Prisoners, Punishment and Torture

This project, a collaboration between RCMG, Historic Royal Palaces (HRP) and Tom Duncan of Duncan McCauley GmbH & Co, sought to address a particular set of challenges facing the Tower of London. How might the Tower of London take forward their interpretation of stories of imprisonment, punishment and torture in ways that take account of and reconcile visitor's expectations, motivations and interests and HRP's commitment to interpretive practice underpinned by ethical values and the standards of museological and curatorial practice? Furthermore, how might this be progressed through an approach that engages with, and embodies, leading edge thinking and practice in the field of interpretive design to offer visitors emotionally engaging experiences of the highest quality?

Background

Historic Royal Palaces is an independent charity which manages five royal palaces, including the Tower of London. Still a working building today, the interpretive 'puzzle' at the heart of this project emerged from a number of issues experienced at the Tower as a visitor site:

  • Evaluation suggests that visitors are strongly motivated by a desire to encounter stories of imprisonment, punishment and torture but many appear to leave disappointed by aspects of their visit to the Tower, expressing a wish for more (and perhaps more gory?) material?
  • HRP are interested in exploring ways to enhance visitor satisfaction that are not in conflict with the organisation's commitment to ethical values, curatorial standards and the needs, wishes and interests of diverse stakeholders.

The project

RCMG was commissioned by HRP to resolve this 'puzzle'. Underpinning RCMG's proposal was the need to understand the site-specific puzzle in relation to broader international (scholarly and professional) debates in the field, and to explore emerging innovative practice in the field of interpretive design as holding the potential to develop an approach that could offer visitors to the Tower an emotionally engaging, authentic and rich experience at the same time as reconciling some of the apparent tensions inherent in the project.

RCMG, HRP and Duncan McCauley worked in collaboration to resolve the 'intepretive puzzle' at the heart of this project, bringing the necessary skills, expertise and experience to the research team. The following activities were carried out as part of the project:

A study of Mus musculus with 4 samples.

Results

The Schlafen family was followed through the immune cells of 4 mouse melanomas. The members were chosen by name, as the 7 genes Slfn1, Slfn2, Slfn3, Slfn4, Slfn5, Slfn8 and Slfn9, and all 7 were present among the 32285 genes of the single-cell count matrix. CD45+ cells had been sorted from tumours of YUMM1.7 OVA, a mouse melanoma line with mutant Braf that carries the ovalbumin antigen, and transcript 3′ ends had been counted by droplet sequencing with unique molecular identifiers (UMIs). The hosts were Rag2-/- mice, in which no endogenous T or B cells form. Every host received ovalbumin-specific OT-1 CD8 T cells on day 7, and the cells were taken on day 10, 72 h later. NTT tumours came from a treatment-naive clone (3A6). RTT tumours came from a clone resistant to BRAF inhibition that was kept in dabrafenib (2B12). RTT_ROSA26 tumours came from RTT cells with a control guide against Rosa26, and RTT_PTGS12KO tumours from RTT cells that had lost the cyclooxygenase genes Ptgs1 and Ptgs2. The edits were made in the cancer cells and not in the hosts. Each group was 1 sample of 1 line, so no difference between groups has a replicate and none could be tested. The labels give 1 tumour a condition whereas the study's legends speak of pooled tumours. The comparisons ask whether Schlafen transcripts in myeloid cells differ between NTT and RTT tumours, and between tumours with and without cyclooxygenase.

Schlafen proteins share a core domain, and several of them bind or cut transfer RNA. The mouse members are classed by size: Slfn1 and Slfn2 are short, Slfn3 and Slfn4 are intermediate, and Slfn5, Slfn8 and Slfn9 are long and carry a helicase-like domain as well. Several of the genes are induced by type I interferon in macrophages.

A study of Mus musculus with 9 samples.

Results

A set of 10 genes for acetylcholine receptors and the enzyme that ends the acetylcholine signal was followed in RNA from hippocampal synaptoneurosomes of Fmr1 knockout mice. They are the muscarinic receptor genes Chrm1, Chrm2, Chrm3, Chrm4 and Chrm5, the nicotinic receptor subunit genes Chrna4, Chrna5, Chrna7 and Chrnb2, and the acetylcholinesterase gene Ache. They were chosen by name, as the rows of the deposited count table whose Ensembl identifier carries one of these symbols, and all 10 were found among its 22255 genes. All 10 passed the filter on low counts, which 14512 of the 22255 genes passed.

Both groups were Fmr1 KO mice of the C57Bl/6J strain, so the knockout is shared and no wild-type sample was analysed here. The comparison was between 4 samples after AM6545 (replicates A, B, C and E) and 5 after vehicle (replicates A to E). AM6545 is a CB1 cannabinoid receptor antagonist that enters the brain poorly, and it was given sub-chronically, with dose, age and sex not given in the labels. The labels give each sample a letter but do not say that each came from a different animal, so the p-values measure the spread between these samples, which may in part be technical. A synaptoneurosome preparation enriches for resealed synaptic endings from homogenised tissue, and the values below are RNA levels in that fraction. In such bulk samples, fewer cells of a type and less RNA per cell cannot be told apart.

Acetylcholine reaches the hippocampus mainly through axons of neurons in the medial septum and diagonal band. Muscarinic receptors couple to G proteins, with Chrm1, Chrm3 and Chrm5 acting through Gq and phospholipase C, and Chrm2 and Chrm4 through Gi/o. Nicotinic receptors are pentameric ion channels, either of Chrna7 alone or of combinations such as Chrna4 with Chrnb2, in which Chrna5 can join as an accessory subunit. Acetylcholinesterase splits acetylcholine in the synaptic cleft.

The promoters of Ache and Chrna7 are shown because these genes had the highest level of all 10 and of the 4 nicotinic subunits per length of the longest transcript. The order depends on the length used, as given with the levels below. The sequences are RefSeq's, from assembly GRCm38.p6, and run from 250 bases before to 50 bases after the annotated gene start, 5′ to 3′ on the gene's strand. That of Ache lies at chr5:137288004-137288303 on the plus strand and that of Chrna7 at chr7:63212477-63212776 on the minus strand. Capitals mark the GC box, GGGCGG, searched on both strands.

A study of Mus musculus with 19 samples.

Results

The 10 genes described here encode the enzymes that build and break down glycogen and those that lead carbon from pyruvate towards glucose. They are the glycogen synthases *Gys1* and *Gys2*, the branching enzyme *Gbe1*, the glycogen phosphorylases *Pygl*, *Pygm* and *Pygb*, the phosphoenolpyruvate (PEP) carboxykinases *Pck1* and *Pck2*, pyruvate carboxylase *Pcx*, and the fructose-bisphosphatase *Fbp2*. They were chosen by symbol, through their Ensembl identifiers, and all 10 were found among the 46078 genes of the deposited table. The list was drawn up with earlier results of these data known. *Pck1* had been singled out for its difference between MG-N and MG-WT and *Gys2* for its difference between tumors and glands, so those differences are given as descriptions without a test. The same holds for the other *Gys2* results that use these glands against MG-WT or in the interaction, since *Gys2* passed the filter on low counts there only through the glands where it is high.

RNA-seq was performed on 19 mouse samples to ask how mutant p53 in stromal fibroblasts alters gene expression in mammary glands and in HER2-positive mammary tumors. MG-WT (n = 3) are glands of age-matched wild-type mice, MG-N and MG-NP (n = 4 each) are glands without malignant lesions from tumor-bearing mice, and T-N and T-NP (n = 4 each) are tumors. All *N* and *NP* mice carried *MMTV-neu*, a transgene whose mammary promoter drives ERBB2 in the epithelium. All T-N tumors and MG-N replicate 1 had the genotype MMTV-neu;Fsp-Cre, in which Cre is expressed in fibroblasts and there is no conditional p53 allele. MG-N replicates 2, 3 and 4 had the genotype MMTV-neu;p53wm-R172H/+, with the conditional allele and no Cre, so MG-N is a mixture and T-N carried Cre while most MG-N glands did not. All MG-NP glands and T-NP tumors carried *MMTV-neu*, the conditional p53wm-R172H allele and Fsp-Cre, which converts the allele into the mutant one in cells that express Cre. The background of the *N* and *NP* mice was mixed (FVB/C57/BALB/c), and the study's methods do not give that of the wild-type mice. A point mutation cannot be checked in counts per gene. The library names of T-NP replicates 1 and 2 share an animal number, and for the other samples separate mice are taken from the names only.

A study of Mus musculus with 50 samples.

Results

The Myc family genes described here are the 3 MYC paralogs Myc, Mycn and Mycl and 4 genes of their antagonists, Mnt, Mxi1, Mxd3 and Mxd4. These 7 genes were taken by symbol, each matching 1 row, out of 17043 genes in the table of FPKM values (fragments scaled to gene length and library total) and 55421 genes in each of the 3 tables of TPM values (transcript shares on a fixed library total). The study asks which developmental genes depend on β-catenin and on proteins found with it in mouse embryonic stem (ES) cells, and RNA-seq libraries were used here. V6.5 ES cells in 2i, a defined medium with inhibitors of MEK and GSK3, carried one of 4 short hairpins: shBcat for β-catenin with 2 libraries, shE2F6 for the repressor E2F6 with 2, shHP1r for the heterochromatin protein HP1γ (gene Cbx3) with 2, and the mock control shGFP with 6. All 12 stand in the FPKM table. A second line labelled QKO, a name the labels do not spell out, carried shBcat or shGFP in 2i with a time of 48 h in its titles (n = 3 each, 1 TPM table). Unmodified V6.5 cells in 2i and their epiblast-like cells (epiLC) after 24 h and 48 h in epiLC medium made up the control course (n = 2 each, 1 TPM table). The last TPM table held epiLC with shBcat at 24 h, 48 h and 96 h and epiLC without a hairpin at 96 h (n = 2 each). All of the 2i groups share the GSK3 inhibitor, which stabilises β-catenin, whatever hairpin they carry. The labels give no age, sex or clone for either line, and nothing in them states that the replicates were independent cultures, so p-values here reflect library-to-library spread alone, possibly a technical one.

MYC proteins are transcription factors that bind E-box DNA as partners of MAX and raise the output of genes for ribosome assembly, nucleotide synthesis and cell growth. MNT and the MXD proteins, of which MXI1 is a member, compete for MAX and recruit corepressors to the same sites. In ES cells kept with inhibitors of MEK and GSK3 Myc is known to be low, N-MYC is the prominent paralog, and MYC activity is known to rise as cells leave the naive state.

• A review of the literature in three working papers that identified professional and scholarly debates relevant to the project and helped to distil a series of ideas, questions and concerns that framed and informed the interpretive approach at the Tower.
    • The ethical treatment of ‘challenging’ or ‘dark’ histories in historic sites and museums
    • Emotional engagement and learning: how can museums and historic sites offer powerful, emotionally engaging experiences?
    • Embodied narrative experience
  • A small scale, qualitative study of current visitors to the Tower to explore in greater detail their motivations for visiting the Tower, expectations and experiences of the site, and attitudes towards the theme of Prisoners, Punishment and Torture.
  • A workshop with the research team bringing together the findings from the working papers and visitor study with the principles of interpretive design to explore and analyse the implications for the Tower.
  • A presentation and workshop with the research team and HRP staff to test the emerging findings and discuss how the findings might be used to inform future practice at the Tower.

Key findings

The key finding from the project was the development of an overarching framework or set of principles for taking forward the interpretation of Prisoners, Punishment and Torture at the Tower. This included:

  • The importance of authenticity - real people, real places.
  • Ensuring accessibility - not just physical accessibility but emotional and intellectual.
  • Providing visitors with multiple entry points into the theme - giving visitors a choice.
  • The importance of context - not dwelling on moments of pain or torture but showing the complexity of people's lives and motivation.
  • Having a clear vision, narrative or structure to the theme - what is the purpose? For example, gives and insight into the human experience.
  • Torture is serious and violent.

Prisoners, Punishment and Torture: Developing new approaches to interpretation at the Tower of London (2014) (PDF, 5350kb). This report describes and illustrates the research and new frameworks for interpretation at the Tower of London.

Outcomes

The project coincided with a time of experimentation for HRP and their interpretation of the Tower of London, including this short film by Paul Duffield, Emma Viecelli and Kate Brown about the disappearance of 'The Princes in the Tower' during the reign of their uncle King Richard III 1483-1485.